Monday, June 13, 2016
Long time readers of this blog or our PreserveOregon page on Facebook know that we are often frustrated by building code and code officials. Not that there is anything wrong with efforts to assure that new (or restored) buildings are safe but there is an unfortunate lack of flexibility in the application code and a forest-for-the-trees approach the government and legal system bring to enforcement that is based on liability, not logic. Code officials, and because of them, the public, often believe that “doesn’t meet code” is the same thing as “dangerous.” That is rarely the case. The building you are in right now, unless it was built yesterday, doesn’t “meet code.”
Certainly there are historic buildings that have structural or systems issues that should be corrected. But as code officials are prone to remind you, because “somebody died for every line of building code,” code is based on the concept that every building should be absolutely no ifs ands or buts as safe as technology can make it. Building code reminds me of TSA…because one stupid guy tried to blow up an airplane with a shoe bomb, every single airplane passenger has to remove their shoes. I’m not sure that is really necessary.
A major problem with all that code-driven safety is that it costs lots of money. Sometimes the burden for existing buildings is so high that owners won’t upgrade at all, because doing so triggers a requirement for full code compliance. That can leave buildings, un-reinforced masonry buildings for example, completely under-structured even when financially viable upgrades could be easily done but a full code compliant upgrade isn't possible or feasible. I have long said that you can upgrade most anything to 90% of current code for $X, but the last 10% will cost you $100x more. I’m not mathematician, but I'm pretty sure that 90% is better than nothing. I think allowing major improvement, even if not full code compliance, is a good thing for many reasons, preservation being just one of them. And, of course, the reality is that building code, because of lawsuits, has a huge CYA component that drives costs through the roof and provides little additional benefit. That too, even for new construction, has huge implications.
In Oregon the cost of housing is skyrocketing and homelessness is an increasing problem. Cities, for entirely valid reasons, have limits on building from both code and zoning, that make the threshold for new housing steep. That can be building code, each line saving a life, or it can be zoning, with minimum lot sizes and setbacks and off-street parking and whatever. All of those things are designed to protect lives or property values (keeping your neighbor from building a “hovel” and impacting your house). Again, this is all fine and valid, but it surely has the result of making housing more costly, meaning less people can be housed. It keepd the costs of existing land and buildings high, in a time of declining real income and growing population, almost guaranteeing a housing crisis.
Other countries have housing that we might consider substandard (and it assuredly is) but it seems to house people pretty well most of the time. Maybe if the US re-thought building code there would be some method to make reasonably safe, high-value, housing available to more people?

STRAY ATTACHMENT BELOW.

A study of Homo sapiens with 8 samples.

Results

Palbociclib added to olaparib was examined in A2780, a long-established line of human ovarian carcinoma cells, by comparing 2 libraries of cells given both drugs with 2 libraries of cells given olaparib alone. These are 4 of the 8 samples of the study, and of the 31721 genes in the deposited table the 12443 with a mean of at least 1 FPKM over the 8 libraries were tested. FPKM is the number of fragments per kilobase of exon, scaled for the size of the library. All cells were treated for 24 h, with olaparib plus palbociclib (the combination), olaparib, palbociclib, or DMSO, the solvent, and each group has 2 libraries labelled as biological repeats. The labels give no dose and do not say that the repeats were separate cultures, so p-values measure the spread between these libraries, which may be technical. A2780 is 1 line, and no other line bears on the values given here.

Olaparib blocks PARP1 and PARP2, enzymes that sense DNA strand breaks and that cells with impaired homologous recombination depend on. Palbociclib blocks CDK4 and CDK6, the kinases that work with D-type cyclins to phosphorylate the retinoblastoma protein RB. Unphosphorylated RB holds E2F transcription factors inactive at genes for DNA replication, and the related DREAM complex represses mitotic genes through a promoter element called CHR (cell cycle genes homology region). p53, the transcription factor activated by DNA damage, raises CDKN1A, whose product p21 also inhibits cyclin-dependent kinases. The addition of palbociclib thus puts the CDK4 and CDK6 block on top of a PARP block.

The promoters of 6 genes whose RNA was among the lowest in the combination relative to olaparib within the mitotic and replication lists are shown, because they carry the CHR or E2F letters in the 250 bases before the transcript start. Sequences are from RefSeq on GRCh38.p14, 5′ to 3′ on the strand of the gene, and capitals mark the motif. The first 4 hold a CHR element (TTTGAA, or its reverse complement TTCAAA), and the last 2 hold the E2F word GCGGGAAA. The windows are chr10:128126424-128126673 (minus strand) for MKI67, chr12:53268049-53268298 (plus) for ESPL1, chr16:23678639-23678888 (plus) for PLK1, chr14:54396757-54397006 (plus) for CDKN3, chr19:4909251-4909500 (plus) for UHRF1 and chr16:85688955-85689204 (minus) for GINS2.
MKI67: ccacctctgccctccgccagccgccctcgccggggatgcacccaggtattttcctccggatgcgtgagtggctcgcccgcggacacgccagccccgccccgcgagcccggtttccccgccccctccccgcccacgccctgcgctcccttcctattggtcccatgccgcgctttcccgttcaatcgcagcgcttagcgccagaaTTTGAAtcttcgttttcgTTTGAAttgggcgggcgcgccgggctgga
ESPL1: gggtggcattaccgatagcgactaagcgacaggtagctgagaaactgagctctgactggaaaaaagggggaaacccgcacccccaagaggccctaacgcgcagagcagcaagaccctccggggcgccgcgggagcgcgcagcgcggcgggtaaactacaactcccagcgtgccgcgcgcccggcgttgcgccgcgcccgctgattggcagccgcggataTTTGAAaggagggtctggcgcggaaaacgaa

Zoning code too causes some weird issue. In the 1950s cities determined that uses should be divided by type; housing in one area, commercial and industrial in others, because nobody wants to live next to a slaughterhouse or a junk yard. But the way that reasonable idea has been implemented has made it almost impossible to have a neighborhood store or a corner bar or coffee shop within walking distance of housing, especially in newer parts of town. I’m not sure that’s good. Small neighborhood stores are really convenient, they build community and, well, they support small, locally-owned, business. Instead much of America has to drive somewhere to buy a carton of milk. Not the most environmentally wise thing, nor all that good for the waistline either.
A city councilor is a successful city once told me that if you want to reduce the cost of housing, reduce the minimum lot size. If current lots are 5000 s.f. minimum and you reduce it to 4000 s.f. the cost of a house (or at least the land) would theoretically drop 20% (just like that). If cities reduce concerns about building and planning code (allowing more reasonable code, or taller buildings, or increased lot coverage, or whatever) the cost of construction would drop too. This is, in part, the concept behind “Tiny Houses,” but tiny houses are only rarely legal in most American cities.
All this relates to historic preservation because the cost of code upgrades to historic buildings and the difficulties in meeting code can be a major obstacle (if only for bank funding) to reusing existing building stock. It shouldn’t be. While a 100 year old building may not meet current code, there is no dispute that it has been standing, functioning, and housing human activity for 100 years. Even the newest, built-to-the-nines, code compliant structure can’t say that. Nor is there any guarantee that such a new building will survive for 100 years into the future. Even if it does, it too would probably be treated as if it were dangerously out of code by that time too.
It seems to me that cities would do well to rethink the overall goals of both building and zoning codes. There are lots of good ideas there, but perhaps some of them have been so over-generalized that they actually inhibit other community goals. I wish I could say I held out much hope positive change that reduces regulations could happen, but I don’t. To paraphrase the famous quote from the movie Back to the Future, “first we would have to kill all the lawyers.”